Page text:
Fission is an inexpensive audio editor for Mac OSX from Rogue Amoeba Software (the same people who released Audio Hijack Pro, an audio capturing program for Mac OSX). Unlike many of the programs I have reviewed (especially those for Linux), Fission is not free, and is not open source. Still, I downloaded it and tried it out, and unlike the audio editing programs I’ve used before (such as SoundStudio from Felt Tip Software), I found Fission to be quite fast, quite easy to use and relatively inexpensive. Whether the cost (a license sells for $32.00 if purchased alone), is worth it, considering there are free options such as Audacity, is up to you to decide.
When I opened Fission for the first time, I have to admit to being pleasantly surprised. Too many audio editors – upon opening them for the first time – show a frighteningly complicated window with all kinds of buttons and sliders and controls. Fission does the opposite, showing the user a simple window with three options: Open Audio File, Browse Audio Files, or Read Manual. I think it is this last option that is probably the most helpful. Sure, I happen to think Fission is a fairly simple program to use, but I’ve used this type of program before. If my mother were to open Fission for the first time, I have to assume she’d head straight for the Read Manual button.
Let me say right now that Fission is fast. And what I mean by “fast” is two-fold. First, Fission is very quick to open files. I opened a large audio file, roughly 25-26 minutes in length, and Fission had it opened and ready to edit in seconds. In other audio editors I’ve used (SoundStudio in particular), the program attempted to load the audio into memory all at once, which would have meant waiting 30-40 seconds before the audio was ready to edit. In addition, editing procedures seem to be quite fast with Fission. I decided to normalize the audio (to bring it up to a relative level volume), and it literally took less than a second to accomplish this. Again, other editors seem to scan through the audio once before normalizing. I honestly don’t know what Fission does to speed up the process, but the speed is certainly appreciated!
Fission is a very slick looking program, and the visual cues all help with audio editing. Fission also makes some common tasks easy to perform as well. For instance, this large audio file I was working on needed to be split into multiple parts. Well, Fission has a Split tool, and splitting audio is as simple as clicking the tool where I want the audio to be split. One click. That’s it, and the split is finished. In addition, Fission has an option so that the audio on either side of the split is faded, so the first part fades out and the new part fades in. This is a nice touch, and is totally customizable, so that if I don’t want any fading, that can be done as well.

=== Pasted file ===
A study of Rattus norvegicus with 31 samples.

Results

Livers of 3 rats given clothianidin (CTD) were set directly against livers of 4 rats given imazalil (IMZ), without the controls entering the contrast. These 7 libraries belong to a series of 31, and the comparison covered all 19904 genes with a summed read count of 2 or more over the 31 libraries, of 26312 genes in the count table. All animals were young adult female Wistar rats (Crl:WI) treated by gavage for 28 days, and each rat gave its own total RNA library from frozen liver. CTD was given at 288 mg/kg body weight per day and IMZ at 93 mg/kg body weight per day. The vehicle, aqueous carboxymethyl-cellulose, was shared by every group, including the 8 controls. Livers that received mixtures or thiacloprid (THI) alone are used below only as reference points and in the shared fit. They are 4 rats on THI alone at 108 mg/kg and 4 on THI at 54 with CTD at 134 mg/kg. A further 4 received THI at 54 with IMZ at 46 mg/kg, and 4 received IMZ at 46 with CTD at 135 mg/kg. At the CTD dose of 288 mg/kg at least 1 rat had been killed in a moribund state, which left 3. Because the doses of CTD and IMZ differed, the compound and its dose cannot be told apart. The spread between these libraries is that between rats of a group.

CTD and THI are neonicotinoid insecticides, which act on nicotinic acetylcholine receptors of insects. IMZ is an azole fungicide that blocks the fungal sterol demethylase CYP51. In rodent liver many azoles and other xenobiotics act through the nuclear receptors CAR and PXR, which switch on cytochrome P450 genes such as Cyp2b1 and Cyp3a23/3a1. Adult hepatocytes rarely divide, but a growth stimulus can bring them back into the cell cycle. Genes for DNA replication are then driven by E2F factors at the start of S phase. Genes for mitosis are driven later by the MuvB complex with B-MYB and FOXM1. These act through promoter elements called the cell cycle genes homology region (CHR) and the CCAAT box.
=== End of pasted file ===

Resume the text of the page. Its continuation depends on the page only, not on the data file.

Similarly, removing audio is simple. Highlight the section of music you no longer want, and click the Remove button. There is another button, called Remove & Split, which does exactly as you’d think. It removes the “offending” audio, and then splits what is left into two parts. Very handy if you want to chop up a section of audio into two parts, while removing a boring section between them.
There are a couple other options on the toolbar – Fade In and Fade Out. These functions should be obvious. The last available option (on the toolbar), is crop. Similar to how a graphics editor remove anything not highlighted, crop mode in Fission removes all audio not selected, so if you only wish to keep a certain chunk of audio, highlight it, hit the Crop button, and all that will be left is the audio you want. This certainly saves time compared to the other options, which would be to remove the audio on either side of the audio you wish to keep, or to copy the audio you want and paste it into a newly-created document.
Fission also has an inspector tool, which is quite handy. After splitting up an audio file into six or seven chunks, the new chunks, of course, are unnamed and unsaved. To save time, the Fission inspector allows you to provide ID3 tag information, such as Artist, Title and Year, to each chunk of audio. Saving the file is then a quicker process, which again is a nice touch.
Fission isn’t the most powerful audio tool I’ve ever used. In all honesty, Felt Tip’s SoundStudio has more features. It doesn’t have a couple of the nice cropping tools I’ve mentioned, but it has far more tweaking features for more precise editing. But Fission really isn’t designed for people who need an all-powerful audio editing program. At only $32 dollars, Fission doesn’t really provide that, but what it does provide is certainly worth a look, and – in my opinion – worth the money.